Sunday 4 December 2016

Tommy Conlon: Jim McGuinness's stance made a virtue out of vindictiveness

Tommy Conlon

Published 15/11/2015 | 17:00

'McGuinness is deep, intense and charismatic. His achievements with Donegal were exceptional. He had the vision to change a culture, and the personal courage necessary to push it through'
'McGuinness is deep, intense and charismatic. His achievements with Donegal were exceptional. He had the vision to change a culture, and the personal courage necessary to push it through'

Before he re-invented the Donegal football team, Jim McGuinness first re-invented himself. He quit school at 16. He got a job grading fish on a freezer boat in Killybegs. But at the age of 22 he enrolled in an adult education course in Letterkenny and sat his leaving certificate. He then studied sports science for two years at Tralee RTC. From there he got a scholarship to the University of Ulster Jordanstown. And from there he went on to do a master's in sports psychology at John Moores University in Liverpool.


On the Second Captains Live show last Wednesday night he said that every media interview about the book had focused on the same couple of controversies that had arisen during his four years in charge of Donegal. He pointed out there was a lot more to his story than just these flashpoints.

Obviously this is true. McGuinness is deep, intense and charismatic. His achievements with Donegal were exceptional. He had the vision to change a culture, and the personal courage necessary to push it through. He forced a new reality into being. He changed how the game is played. He brought a county with him on his crusade.

The range of his talents and the strength of his personality convinced a major soccer club in Scotland to recruit him. He has been a pioneering figure in modern GAA.

The book explains the nuts and bolts of his daily work with Donegal; the physical, psychological and tactical mechanics that went into making them All-Ireland champions, and Ulster champions three times.

And it recounts too the profound suffering he endured with the loss of two of his brothers. He was 12 when Charles died. "I went from a happy-go-lucky child to a very, very vulnerable person in the blink of an eye." He was in his mid-20s when Mark died. He was beside him in the car when a road traffic accident claimed Mark's life. "I was fragile and I was broken from that moment."

So it goes without saying that this is a book worth reading. It is written in a spare, plain style that projects with clarity McGuinness's authentic voice.

Given these life traumas, and given also the scale of his sporting achievement, it seems almost inappropriate therefore to challenge the narrative. But it has to be done, if only because a few people were hurt along the way; and because McGuinness would prefer to control the narrative himself. Indeed, like almost every successful manager, he likes to control just about everything in his sphere of influence.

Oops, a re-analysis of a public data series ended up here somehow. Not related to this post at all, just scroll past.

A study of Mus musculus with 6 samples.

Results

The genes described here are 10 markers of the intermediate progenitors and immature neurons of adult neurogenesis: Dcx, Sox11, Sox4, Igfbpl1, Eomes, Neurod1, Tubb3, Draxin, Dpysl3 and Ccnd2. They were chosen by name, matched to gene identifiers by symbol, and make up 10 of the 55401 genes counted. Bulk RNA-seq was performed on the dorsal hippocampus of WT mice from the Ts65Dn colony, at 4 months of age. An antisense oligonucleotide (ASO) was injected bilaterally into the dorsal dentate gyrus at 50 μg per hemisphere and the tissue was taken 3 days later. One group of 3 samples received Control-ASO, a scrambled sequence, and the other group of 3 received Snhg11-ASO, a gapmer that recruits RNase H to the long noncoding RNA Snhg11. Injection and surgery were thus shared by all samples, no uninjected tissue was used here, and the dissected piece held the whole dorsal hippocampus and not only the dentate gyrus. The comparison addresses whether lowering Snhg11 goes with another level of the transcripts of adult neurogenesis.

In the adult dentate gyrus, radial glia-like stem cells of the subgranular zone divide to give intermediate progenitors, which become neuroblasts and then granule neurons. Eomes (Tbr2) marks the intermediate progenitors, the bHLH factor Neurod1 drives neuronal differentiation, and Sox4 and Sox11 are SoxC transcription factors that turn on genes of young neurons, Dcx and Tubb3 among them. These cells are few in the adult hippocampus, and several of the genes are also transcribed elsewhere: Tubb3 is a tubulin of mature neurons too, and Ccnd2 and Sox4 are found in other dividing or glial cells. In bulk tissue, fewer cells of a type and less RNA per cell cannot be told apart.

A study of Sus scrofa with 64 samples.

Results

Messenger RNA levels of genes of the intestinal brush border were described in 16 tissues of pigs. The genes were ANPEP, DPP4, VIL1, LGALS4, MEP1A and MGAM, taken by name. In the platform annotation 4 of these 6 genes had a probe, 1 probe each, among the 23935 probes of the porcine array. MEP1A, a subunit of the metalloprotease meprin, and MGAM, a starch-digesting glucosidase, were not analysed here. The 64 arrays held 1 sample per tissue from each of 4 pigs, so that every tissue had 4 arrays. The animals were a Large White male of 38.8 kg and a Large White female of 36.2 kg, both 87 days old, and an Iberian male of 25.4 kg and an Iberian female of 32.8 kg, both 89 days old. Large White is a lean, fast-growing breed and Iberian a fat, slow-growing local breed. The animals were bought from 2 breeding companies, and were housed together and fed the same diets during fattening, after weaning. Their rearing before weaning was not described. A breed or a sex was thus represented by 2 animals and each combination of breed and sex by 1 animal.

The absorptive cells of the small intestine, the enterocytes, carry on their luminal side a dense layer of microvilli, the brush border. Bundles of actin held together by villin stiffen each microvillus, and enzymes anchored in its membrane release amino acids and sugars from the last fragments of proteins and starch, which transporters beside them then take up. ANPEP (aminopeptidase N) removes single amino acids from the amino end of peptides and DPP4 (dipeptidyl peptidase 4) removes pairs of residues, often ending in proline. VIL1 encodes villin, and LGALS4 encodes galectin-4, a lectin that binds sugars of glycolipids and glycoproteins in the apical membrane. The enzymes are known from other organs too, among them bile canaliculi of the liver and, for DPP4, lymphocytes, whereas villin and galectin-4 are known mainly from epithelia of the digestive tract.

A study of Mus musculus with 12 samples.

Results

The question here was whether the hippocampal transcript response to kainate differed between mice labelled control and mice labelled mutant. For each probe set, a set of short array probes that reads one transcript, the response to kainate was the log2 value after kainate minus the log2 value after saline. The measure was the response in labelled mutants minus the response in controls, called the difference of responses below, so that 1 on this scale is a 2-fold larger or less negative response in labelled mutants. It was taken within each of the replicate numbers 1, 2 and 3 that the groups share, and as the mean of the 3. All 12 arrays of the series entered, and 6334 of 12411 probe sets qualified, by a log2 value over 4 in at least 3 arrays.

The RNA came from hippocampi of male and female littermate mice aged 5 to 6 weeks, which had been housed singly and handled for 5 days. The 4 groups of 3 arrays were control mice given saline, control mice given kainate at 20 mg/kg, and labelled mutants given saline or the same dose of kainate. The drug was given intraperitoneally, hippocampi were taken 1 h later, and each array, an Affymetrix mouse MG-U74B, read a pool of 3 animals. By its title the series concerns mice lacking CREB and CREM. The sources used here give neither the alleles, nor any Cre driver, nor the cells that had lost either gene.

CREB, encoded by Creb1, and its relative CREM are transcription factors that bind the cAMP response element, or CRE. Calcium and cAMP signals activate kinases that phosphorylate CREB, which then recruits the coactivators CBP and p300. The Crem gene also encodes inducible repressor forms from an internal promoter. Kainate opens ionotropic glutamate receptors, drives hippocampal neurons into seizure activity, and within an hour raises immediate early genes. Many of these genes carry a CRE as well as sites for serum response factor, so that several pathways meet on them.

So naturally he chafed last Wednesday night when Eoin McDevitt raised those familiar controversies again. "Is the grilling over," he asked, half in jest and fully in earnest, when McDevitt moved on to his job at Celtic FC.

But the grilling could've been much worse. Not alone did he cut Kevin Cassidy from the squad in late 2011, Cassidy was ostracised to a degree that was deeply hurtful to the player, and that seemed unjustly disproportionate to the crime. Cassidy's offence was to provide a chapter in a book about that season's Ulster championship. He had been naïve and indiscreet; he'd shared details from the inner sanctum. But overwhelmingly he'd heaped praise on the new regime wrought by McGuinness.

The author of that book, Declan Bogue, was in the Croke Park press room nine months later when Donegal won the All-Ireland. McGuinness abused his position that day; he refused to hold his post-match press conference until Bogue had left the room.

McGuinness showed a fanatical heart in these situations. He had the zealot's unforgiving attitude, the puritan's absolute conviction. Viewed through the prism of his own re-invention, one can detect the zeal of the convert at work here. Having found the righteous path in his own life, anyone less than willing to conform to the new dispensation had to be ejected. In this worldview, the way ahead is simple and clear: one thing is black and the other thing is white.

He says in the book he would have been "hypocritical" to sit there with Bogue in the press room. But this is making a virtue out of vindictiveness. It wouldn't have been remotely hypocritical; it wouldn't have been much of anything at all.

In the 2013 post-season he dropped his assistant manager, Rory Gallagher, among other backroom changes. He'd brought Gallagher in two years earlier, he writes, "when nobody knew who he was as a coach." Mayo had hammered Donegal by 16 points in the All-Ireland quarter-final. On the way home from Croke Park that evening, Gallagher argued that it was time to rebuild the team, "that a lot of the senior boys had had their day."

This was clearly a sensitive detail to put into the public domain, given that Gallagher is now the manager of those same Donegal players - senior boys and all. Was McGuinness not guilty of a "double standard" here, asked McDevitt? No, came the reply, the code of omerta didn't apply once he'd left the dressing room.

It's his book, his story, and his world.